Video obtained by the Associated Press showed Iraqi government forces and Shiite militias firing towards militants from the Islamic State group on Monday. (Sept. 1)
Iraqi security forces and Shiite militiamen on Sunday broke a six-week siege imposed by the Islamic State extremist group on the northern Shiite Turkmen town of Amirli, officials said. (Aug. 31)
BAGHDAD — Iraq's outgoing prime minster pledged Monday to turn his country into "a big grave" for Sunni militants from the Islamic State group and commended security forces who achieved a rare victory over insurgents by ending the siege of a Shiite town.
Nouri al-Maliki made the comments during an unannounced visit to the northern community of Amirli, where he was greeted with hugs. A day earlier, Iraqi forces backed by Iran-allied Shiite militias and U.S. airstrikes broke a two-month siege of the town where some 15,000 Shiite Turkmens had been stranded.
In footage aired on state TV, al-Maliki was shown sitting at a wooden desk in front of a large poster of Shiite leader Grand Ayatollah Ali al-Sistsani, ordering promotions and awards for those who fought in the battle.
"I salute you for your steadfastness and patience against those beasts and killers," he told a gathering of fighters in a large hall as they chanted Shiite religious slogans. He vowed to root out Sunni militants from areas they control in the country.
"All Iraq will be a grave for those infidels, and we will send all the IS (Islamic State) gang to death," he added.
Hours before the visit, humanitarian aid began flowing to the town.
Four trucks loaded with food and medicine arrived after being sent by the Iraqi government and the Iraqi Red Crescent, according to Ali al-Bayati, who heads the aid organization called the Turkmen Saving Foundation. Soldiers began bringing food to families in their houses Sunday night.
"The situation is getting back to normal, but gradually," al-Bayati told The Associated Press. "Some people have come out from their houses and walked in the street. Shops are still closed, but people are happy to see their city secured by Iraqi security forces."
Shiite Turkmen lawmaker Fawzi Akram al-Tarzi said the U.S. airstrikes and Iranian support for Iraqi forces "have played a positive role in defeating the terrorists," although he said the airstrikes "came late" in the battle.
On Monday, Iraqi security forces and Shiite militiamen retook the nearby town of Suleiman Beg following fierce clashes with Sunni militants, Al-Tarzi said.
"The brave people of Amirli have made their town a new Stalingrad," he added, referring to the former name of the Russian city of Volgograd, famous for resisting a long siege by the German military during World War II. "Amirli people have clearly shown that Iraqis could not be intimidated by terrorists."
Since early this year, Iraq has faced a growing Sunni insurgency led by an al-Qaida-breakaway group, the Islamic State. With help from allied militants, they have taken over territory in the country's north and west and created Iraq's worst crisis since the 2011 withdrawal of U.S. troops.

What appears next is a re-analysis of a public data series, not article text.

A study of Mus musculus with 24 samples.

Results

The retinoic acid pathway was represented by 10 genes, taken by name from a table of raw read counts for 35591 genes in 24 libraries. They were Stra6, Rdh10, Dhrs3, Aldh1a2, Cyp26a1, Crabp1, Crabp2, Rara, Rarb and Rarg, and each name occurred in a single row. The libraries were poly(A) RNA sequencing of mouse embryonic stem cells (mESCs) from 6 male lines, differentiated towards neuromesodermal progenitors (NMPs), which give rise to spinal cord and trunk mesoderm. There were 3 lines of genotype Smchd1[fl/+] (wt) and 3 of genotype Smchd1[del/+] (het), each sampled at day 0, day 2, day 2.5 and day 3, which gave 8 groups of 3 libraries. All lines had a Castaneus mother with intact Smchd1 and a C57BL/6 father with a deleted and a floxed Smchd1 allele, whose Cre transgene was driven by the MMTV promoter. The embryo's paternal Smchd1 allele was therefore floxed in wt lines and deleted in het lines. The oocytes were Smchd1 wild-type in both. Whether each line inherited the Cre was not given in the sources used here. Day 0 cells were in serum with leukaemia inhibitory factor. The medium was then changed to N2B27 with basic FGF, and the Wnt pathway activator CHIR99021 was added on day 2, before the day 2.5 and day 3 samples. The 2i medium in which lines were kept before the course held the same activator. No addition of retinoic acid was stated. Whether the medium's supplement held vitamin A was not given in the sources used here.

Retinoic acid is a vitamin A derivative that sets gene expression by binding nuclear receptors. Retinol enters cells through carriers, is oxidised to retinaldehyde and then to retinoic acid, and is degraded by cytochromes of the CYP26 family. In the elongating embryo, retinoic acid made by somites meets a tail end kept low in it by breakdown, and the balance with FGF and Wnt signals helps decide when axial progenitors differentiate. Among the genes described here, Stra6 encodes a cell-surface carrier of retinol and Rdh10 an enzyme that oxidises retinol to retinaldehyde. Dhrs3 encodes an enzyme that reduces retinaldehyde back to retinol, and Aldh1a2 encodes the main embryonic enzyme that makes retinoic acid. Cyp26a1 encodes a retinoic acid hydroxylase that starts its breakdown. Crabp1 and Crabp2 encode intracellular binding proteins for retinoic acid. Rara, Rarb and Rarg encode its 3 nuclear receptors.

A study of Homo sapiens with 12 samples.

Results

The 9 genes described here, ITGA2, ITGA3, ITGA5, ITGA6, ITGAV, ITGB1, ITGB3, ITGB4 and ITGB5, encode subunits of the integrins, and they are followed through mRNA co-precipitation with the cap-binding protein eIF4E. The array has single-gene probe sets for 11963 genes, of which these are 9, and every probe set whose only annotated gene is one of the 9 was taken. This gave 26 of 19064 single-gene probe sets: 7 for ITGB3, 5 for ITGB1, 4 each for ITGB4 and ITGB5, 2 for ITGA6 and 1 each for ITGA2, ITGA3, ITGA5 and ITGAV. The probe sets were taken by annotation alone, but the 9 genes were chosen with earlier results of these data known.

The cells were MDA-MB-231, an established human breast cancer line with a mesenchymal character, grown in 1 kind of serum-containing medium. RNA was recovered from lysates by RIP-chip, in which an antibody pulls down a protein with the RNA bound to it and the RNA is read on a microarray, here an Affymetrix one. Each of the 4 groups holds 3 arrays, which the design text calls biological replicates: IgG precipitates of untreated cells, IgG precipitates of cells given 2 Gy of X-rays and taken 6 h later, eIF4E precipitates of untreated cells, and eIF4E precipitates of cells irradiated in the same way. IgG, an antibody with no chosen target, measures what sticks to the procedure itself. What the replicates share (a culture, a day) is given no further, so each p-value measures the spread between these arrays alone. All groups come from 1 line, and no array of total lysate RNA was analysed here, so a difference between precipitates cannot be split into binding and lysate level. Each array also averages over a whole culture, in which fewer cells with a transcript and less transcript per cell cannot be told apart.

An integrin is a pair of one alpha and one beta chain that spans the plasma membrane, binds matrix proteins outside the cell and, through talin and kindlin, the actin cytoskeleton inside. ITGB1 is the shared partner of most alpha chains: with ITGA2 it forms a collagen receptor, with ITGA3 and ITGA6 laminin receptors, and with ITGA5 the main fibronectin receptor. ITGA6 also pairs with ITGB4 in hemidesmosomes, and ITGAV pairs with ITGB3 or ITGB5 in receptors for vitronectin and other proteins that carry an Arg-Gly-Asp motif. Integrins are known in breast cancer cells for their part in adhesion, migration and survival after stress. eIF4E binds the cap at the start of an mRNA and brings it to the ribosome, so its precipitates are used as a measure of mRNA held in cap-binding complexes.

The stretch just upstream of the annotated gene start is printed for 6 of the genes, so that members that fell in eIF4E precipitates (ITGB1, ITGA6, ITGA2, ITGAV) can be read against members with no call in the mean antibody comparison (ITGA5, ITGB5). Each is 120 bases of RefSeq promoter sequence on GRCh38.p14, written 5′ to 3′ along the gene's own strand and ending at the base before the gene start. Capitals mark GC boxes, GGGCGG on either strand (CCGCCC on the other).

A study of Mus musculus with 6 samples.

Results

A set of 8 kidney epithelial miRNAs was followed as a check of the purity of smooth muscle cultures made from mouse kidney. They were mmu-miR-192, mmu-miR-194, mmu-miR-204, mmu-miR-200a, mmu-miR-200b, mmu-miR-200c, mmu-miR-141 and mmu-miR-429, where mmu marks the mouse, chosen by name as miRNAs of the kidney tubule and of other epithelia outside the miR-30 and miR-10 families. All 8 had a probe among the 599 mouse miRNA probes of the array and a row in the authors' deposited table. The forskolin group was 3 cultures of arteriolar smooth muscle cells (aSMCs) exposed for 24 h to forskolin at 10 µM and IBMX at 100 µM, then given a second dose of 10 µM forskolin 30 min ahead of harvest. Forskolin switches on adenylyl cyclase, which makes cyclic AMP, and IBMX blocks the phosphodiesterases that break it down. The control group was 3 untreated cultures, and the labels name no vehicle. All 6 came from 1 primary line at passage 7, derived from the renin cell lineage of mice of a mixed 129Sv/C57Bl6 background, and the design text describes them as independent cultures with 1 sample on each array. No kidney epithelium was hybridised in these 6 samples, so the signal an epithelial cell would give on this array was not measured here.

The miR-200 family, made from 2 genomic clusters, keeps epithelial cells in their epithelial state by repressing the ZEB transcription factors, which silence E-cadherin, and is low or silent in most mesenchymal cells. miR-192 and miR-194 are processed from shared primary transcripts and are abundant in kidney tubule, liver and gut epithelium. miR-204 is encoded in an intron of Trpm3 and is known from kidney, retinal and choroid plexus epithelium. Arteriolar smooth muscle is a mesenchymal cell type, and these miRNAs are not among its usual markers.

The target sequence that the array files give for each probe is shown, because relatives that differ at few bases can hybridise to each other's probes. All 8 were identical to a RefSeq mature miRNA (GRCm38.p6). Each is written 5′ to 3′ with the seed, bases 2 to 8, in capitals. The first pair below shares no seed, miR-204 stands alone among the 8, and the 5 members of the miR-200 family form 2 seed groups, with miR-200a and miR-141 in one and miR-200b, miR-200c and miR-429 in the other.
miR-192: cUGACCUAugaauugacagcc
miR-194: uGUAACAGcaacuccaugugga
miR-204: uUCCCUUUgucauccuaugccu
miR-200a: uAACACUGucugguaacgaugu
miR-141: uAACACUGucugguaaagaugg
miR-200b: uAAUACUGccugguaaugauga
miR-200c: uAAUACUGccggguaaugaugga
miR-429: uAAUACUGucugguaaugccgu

In June, a summer offensive stunned Iraqi security forces and the military, which melted away and withdrew as the Islamic State group overran the northern cities of Mosul and Tikrit, as well as small towns and villages on their path.
Since then, Iraqi security forces and Shiite militias have been fighting the militants without achieving significant progress on the ground.
Thousands of fighters from Iranian-backed Shiite militias have answered a call by al-Sistani to join government forces in the fight.
The U.S. airstrikes that helped liberate Amirli were the first to hit areas where Iranian-backed militias were fighting Sunni militants, possibly outlining an unlikely alliance between the U.S. and Shiite militiamen who once fought American soldiers in Iraq.
Military advisers from Iran's Revolutionary Guard have been guiding Shiite militiamen in artillery attacks on Sunni positions.
Since Aug. 8, the U.S. has carried out at least 120 airstrikes with aircraft and unmanned drones. The American military has focused on areas bordering the self-ruled northern Kurdish region where Kurdish forces have been fighting the militants.
Also Monday, the United Nations said that at least 1,420 Iraqis were reported killed in violence in August, down from the previous month.
The U.N. mission to Iraq, known as UNAMI, said in its monthly statement that the death toll includes 1,265 civilians and 155 members of Iraq's security forces. Another 1,370 were wounded, including 1,198 civilians.
July's death toll stood at 1,737 people. In June, 2,400 were killed as Sunni militants swept across the country, the highest figure since at least April 2005.
The statement said the figures are the "absolute minimum" number of casualties and do not include deaths in the western Anbar province or other parts of northern Iraq that have been held by militants for months. It added: "The actual figures could be significantly higher."
Late Monday night, a car bomb went off in the Baghdad commercial district of Baiyaa, killing nine people and wounding 20, police said.
Minutes later, another car bomb near a restaurant and cafe killed seven people and wounded 16 in the Amil neighborhood.
Medical officials confirmed the casualties. All officials spoke on condition of anonymity because they were not authorized to speak to journalists.
Associated Press writer Sinan Salaheddin contributed to this report.